Bi-fuel system conversion focused on microbuses and taxis: Trade minister

Ahram Online , Monday 17 Aug 2020

Egypt plans to replace old cars manufactured over 20 years ago and convert hundreds of thousands of other vehicles to gas-powered models to preserve the environment and make use of the country’s plentiful natural gas production.

A three-year financing programme at a cost of EGP 1,2 billion has been allocated to finance the conversion of cars to run on a dual fuel system, the minister told the House of Representatives on Monday.

Gamea said each vehicle will be converted with a total cost ranging EGP 8,000 and EGP 12,000 (approximately $500 to $750), adding that the cost could be funded by small-interest loans through the centres of Cargas and Gastech in accordance with an agreement with the petroleum ministry.

The first phase of the replacement strategy will kick off in seven governorates that are equipped with adequate infrastructures to go ahead with the replacement process.

The initiative is aiming to improve the Egyptian citizen's lifestyle, support the national industry, and tap into the recent natural gas discoveries in Egypt, Gamea stressed.

It also targets improving modes of transportations, helps people buy new cars at affordable prices, and makes use of the "unexploited capabilities" of auto factories.

Converting cars to run on bi-fuel system will reduce pollution and harmful emissions and contribute to alleviating the burden on the state's budget by decreasing the consumption of fuel.

She added that the trade, finance and local development ministries agreed to set up a joint mechanism to scrape the old cars that run on gasoline and allocate yards for them.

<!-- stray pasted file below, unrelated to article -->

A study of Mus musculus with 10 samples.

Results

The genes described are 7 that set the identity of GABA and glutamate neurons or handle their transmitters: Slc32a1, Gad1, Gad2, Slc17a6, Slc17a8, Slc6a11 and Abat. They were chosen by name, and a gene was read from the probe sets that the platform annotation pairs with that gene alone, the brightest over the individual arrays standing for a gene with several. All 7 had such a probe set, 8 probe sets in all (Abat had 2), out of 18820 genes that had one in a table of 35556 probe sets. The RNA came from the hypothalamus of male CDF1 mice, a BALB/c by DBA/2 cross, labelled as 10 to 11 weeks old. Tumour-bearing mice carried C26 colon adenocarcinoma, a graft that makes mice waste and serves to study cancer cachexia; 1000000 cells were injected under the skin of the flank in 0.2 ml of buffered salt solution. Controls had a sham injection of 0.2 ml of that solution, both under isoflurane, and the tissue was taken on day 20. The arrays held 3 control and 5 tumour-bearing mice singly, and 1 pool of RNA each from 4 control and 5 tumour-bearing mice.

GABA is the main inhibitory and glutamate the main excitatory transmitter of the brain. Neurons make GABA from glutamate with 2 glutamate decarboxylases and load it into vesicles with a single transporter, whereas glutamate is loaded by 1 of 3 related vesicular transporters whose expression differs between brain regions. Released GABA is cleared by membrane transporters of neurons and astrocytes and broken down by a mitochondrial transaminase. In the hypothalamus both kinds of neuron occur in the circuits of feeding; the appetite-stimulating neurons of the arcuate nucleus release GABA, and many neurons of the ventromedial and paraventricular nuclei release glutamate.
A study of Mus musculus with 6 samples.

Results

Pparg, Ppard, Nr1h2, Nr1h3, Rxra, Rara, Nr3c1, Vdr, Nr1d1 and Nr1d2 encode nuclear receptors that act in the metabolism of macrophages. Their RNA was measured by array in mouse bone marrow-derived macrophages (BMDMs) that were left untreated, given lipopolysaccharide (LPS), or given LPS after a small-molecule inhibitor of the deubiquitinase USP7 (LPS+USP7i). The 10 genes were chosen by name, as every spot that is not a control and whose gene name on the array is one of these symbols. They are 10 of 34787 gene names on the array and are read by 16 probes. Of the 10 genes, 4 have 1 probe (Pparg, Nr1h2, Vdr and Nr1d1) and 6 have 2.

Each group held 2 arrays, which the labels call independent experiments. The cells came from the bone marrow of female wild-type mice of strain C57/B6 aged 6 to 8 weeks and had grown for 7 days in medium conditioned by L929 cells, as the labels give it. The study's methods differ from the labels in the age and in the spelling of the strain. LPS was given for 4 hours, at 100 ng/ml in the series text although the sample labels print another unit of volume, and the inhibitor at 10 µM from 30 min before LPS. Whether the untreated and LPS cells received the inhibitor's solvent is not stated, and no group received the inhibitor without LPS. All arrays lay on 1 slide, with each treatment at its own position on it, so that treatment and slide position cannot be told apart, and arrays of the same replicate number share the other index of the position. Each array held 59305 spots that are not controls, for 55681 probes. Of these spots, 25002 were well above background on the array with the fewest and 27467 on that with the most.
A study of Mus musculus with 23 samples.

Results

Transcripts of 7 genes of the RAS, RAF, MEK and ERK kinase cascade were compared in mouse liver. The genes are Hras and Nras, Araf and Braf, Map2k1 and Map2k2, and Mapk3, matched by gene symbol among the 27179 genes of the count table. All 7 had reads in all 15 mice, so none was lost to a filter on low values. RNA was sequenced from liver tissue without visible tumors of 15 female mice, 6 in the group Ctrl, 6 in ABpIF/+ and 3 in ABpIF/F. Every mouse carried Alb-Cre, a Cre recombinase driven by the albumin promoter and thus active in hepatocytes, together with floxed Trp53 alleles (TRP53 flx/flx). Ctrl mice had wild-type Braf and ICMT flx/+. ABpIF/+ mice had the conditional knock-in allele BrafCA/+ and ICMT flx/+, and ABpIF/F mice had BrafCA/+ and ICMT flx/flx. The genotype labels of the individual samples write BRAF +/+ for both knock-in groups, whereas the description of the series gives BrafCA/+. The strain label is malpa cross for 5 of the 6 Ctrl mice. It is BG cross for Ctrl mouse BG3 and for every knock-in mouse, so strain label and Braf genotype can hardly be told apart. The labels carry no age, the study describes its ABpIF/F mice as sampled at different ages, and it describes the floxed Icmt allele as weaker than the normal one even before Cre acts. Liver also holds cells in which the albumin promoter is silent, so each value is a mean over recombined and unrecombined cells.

A government committee has finalised the specifications for the manufacturing of this type of cars, which will be implemented by private sector companies, she pointed out.

Egypt is aiming to rely more on cheaper, cleaner energy sources and to increase the amount of power generated from renewables to 20 percent by 2022 and 42 percent by 2035.

The government aims to convert 147,000 gasoline-powered taxis and microbuses to natural gas over three years and replace another 240,000 diesel-powered microbuses with new natural gas vehicles over four years.

Over the past six years, 118,000 vehicles have been converted to the bi-fuel system, bringing the total number of converted vehicles in the country to 322,000, the oil ministry said last month.

In July, President Abdel-Fattah El-Sisi said Egypt will license new vehicles in August only if they can operate on the bi-fuel system.